I don't see why this is a problem. The rule should be abolished IMHO.While the NCAA investigates a report that Johnny Manziel accepted a "five-figure flat fee" with an autograph broker for signing memorabilia, ESPN reported another broker paid Manziel cash for signing approximately 300 mini and regular-sized helmets on Jan. 11.
The latest ESPN report, citing a broker who spoke on the condition of anonymity, claims Manziel was paid $7,500 while signing memorabilia on Jan. 11-12 while attending the Walter Camp Football Foundation in New Haven, Conn.
Although Jason Whitlock points out that nobody cared when black players like Reggie Bush were punished for accepting benefits.
BTW, if you haven't yet seen the South Park episode Crack Baby Athletic Association, which parodies this issue, I recommend.Fairness, to me, would not be Manziel being treated the way the NCAA and its media collaborators have treated poor, rule-bending black athletes for years. The NCAA and its volunteer media police force have used black athletes for financial gain and career advancement for too long.
I stand in defense of Manziel with the same conviction I stood in defense of Reggie Bush. In this era of TV-money-saturated college football and basketball, the NCAA rule book is outdated, immoral and ripe for abolishment.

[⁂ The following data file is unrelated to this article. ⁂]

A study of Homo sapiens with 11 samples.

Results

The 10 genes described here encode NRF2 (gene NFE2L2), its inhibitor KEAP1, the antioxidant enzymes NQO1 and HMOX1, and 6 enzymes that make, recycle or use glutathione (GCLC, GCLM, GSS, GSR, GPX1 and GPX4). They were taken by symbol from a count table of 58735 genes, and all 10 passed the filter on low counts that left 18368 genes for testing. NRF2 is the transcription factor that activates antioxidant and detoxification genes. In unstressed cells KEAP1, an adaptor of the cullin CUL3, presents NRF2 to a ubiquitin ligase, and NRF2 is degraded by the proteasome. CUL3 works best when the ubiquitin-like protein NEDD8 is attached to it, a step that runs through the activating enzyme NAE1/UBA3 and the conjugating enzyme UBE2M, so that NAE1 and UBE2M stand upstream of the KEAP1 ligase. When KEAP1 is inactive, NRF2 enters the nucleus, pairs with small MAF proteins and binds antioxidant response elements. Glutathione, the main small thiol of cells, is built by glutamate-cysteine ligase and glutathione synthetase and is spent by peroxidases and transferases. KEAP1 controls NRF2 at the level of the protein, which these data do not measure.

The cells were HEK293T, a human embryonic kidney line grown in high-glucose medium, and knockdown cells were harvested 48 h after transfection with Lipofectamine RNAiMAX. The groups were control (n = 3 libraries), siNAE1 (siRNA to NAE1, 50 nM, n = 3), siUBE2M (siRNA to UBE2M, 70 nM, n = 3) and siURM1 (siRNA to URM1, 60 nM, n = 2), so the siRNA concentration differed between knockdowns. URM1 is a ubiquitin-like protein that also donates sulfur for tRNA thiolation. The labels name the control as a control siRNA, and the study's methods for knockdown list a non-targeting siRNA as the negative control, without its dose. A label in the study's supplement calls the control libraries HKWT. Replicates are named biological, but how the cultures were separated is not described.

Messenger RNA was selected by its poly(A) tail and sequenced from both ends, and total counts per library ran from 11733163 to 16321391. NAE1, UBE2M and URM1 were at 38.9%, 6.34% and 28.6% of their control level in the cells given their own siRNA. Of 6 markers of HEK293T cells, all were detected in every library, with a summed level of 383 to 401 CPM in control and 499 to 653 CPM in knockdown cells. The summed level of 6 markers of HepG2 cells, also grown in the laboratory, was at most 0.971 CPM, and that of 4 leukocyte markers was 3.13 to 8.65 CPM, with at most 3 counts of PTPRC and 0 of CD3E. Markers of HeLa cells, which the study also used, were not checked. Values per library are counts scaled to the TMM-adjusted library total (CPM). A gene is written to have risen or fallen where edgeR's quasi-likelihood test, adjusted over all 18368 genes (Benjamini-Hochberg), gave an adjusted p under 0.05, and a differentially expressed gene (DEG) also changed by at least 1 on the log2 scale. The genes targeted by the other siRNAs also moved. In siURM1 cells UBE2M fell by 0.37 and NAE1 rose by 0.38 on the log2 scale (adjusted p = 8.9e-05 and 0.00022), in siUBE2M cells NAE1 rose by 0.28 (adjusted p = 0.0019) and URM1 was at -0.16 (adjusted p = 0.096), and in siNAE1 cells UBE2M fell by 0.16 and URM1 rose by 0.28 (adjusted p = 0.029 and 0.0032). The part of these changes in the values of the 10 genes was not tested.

Once again, let me remind you of the words written by the white, conservative architect of the modern NCAA, the organization’s former, longtime president, Walter Byers:
“Today the NCAA Presidents Commission is preoccupied with tightening a few loose bolts in a worn machine, firmly committed to the neo-plantation belief that the enormous proceeds from college games belong to the overseers (administrators) and supervisors (coaches). The plantation workers performing in the arena may only receive those benefits authorized by the overseers.”
Maybe Johnny Football will help America deal with the reality Byers spelled out in stark terms in 1997.
It’s way past time for a new NCAA rule book and policies that make football and basketball players feel less financially exploited. Most people — regardless of color, family background or economic status — respect rules based in fairness. Manziel is no different from Newton or Bush. The only difference is America’s largely sympathetic reaction to Manziel’s NCAA problems.